Development of Adani Group’s Carmichael coal mine and rail infrastructure is set to go underway soon, with the Indian mining company announcing that it will fully fund the project itself.
“We have finance and we are ready to start.
“We will now begin developing a smaller open-cut mine comparable to many other Queensland coal mines and will ramp up production over time,” Adani Mining SEO Lucas Dow said in a statement.
The Carmichael coal project - located in central Queensland’s Galilee Basin, west of Mackay - has been scaled back to simplify construction as well as reduce the initial capital cost needed to develop the components of the project.
The reduced size of the project is now expected to produce an initial 10-Mtpa before it ramps up to 27.5-Mtpa within a period of 10 years.
“Our work in recent months has culminated in Adani Group’s approval of the revised project plan that de-risk the initial stage of the Carmichael mine and rail project by adopting a narrow gauge rail solution combined with a reduced ramp-up volume for the mine.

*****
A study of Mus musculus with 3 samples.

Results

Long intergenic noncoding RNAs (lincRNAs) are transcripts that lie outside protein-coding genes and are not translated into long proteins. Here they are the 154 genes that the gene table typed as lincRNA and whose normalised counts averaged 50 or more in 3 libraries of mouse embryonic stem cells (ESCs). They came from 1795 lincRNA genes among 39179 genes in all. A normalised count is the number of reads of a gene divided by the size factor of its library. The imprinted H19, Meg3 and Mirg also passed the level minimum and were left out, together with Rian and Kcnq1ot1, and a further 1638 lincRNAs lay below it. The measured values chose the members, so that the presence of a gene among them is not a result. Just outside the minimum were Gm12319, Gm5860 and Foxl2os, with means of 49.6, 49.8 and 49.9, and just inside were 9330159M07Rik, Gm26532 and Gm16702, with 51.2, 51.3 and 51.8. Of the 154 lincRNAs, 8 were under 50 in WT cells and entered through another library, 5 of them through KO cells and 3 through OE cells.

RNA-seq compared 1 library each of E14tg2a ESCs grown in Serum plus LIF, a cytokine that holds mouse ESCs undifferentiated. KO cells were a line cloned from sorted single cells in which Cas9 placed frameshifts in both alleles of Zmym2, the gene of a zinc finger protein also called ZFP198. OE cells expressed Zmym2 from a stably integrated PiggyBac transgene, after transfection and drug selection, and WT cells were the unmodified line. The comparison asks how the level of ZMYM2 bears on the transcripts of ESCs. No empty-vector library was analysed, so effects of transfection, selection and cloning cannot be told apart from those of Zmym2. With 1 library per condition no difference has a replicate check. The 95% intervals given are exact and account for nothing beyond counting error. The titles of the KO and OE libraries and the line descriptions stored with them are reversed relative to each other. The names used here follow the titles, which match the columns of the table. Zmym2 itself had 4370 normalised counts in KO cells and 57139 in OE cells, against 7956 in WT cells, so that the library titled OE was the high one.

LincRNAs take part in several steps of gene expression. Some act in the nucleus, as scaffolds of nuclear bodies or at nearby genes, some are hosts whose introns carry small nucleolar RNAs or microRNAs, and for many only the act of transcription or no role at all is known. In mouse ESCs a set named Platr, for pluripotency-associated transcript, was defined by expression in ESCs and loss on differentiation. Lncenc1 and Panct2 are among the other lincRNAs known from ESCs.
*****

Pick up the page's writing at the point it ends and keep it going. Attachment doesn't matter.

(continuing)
“This means we’ve minimised our execution risk and initial capital outlay. The sharpening of the mine plan has kept operating cost to a minimum and ensures the project remains within the first quartile of the global cost curve,” Mr Dow said.
The smaller Carmichael project is now expected to cost almost $2 billion - a large drop from its initial $16.5 billion price tag. The project is also expected to create approximately 1,500 jobs during the construction and “ramp-up” stages and thousands of indirect jobs.
Mr Dow added: “We will now deliver the jobs and business opportunities we have promised for North Queensland and Central Queensland, all without requiring a cent of Australian taxpayer dollars.”
“In addition to providing these jobs in regional Queensland, our Carmichael coal will also provide a power source to improve living standards in developing countries,” Mr Dow said.
Minerals Council of Australia has welcomed the news of the mine moving forward towards construction, stating that the project will be providing an economic boost to the region.
“The Queensland and Australian economies will benefit from thousands of new regional jobs and long-term investment in the mine and rail infrastructure,” Mineral Council of Australia CEO Tania Constable said in a statement.